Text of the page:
Ruble Rises to July High as Dividends Paid: Russia Reality CheckDavid Wilson
As markets react in real time to Russia’s incursion into Crimea and the annexation of the Black Sea peninsula, the ruble rose to the highest level this month as companies bought the currency to pay dividends and the government sold almost all the bonds offered at an auction.
The currency strengthened 0.6 percent to 34.0325 per dollar by 6 p.m. in Moscow, extending its gain since Feb. 28, a day before President Vladimir Putin’s incursion, to 5.4 percent. Russian companies have completed about 25 percent of their total payments this dividend season and will transfer $5 billion to $6 billion in the last week of July, according to VTB Capital analysts Maxim Korovin and Anton Nikitin. The government sold 9.4 billion rubles of the 10 billion rubles ($293 million) of bonds due May 2020 offered at an auction today.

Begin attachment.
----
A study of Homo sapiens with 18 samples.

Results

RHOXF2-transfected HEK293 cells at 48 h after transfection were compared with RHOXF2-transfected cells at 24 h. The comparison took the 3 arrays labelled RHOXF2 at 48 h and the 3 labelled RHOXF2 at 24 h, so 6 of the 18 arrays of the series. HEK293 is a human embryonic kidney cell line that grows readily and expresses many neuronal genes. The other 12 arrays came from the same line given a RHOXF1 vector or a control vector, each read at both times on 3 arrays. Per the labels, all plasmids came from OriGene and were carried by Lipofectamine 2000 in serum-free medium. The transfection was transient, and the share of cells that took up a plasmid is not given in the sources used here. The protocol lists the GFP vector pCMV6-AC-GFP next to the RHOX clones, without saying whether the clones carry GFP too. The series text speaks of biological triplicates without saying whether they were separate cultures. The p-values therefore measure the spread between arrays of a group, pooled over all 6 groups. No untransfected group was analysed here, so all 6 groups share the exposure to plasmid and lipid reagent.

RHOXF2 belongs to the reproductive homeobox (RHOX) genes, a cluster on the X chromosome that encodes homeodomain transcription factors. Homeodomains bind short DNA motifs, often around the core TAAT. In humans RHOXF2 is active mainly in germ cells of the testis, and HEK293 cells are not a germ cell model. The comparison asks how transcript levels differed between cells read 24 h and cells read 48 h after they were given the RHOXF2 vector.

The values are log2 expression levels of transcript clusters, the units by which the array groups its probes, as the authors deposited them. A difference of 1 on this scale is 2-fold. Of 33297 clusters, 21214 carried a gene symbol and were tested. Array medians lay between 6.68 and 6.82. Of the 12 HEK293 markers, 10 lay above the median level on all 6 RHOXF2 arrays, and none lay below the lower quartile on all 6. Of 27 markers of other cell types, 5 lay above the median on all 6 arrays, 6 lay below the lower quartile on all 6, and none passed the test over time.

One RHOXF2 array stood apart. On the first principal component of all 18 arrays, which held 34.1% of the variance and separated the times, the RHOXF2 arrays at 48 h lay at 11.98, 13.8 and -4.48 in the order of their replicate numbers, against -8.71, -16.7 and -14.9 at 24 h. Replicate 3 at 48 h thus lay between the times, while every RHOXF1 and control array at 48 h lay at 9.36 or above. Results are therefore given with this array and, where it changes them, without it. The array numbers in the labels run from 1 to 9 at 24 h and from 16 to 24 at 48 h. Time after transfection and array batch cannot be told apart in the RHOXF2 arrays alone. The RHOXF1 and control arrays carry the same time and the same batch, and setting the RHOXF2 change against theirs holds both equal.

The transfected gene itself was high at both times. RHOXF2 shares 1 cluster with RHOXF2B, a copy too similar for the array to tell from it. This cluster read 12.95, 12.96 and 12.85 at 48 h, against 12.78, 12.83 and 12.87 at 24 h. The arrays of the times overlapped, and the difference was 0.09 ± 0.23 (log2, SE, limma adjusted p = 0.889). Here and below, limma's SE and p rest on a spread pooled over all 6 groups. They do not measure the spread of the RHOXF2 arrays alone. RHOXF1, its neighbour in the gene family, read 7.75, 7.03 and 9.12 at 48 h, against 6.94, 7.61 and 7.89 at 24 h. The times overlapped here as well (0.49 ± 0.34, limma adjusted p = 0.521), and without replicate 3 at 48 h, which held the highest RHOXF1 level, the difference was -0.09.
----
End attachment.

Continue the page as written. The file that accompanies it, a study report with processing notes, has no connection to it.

The chart shows the performance of stocks, bonds and the ruble, along with indicators of Russian investment risk. The yield on ruble bonds due February 2027 rose four basis points to 8.57 percent, giving an increase since Feb. 28 of 21 basis points. The Micex Index retreated 0.2 percent to 1,513.38, paring its gain in the period to 4.8 percent.
The top panel displays the value of the Micex Index of 50 Russian equities, government debt in the Bloomberg Russia Local Sovereign Bond Index, and the ruble relative to the dollar. Credit default swap rates on Russian bonds due in five years appear in the bottom panel. The yield gap between Russian debt and U.S. Treasuries and the one-month implied volatility of the ruble are also tracked.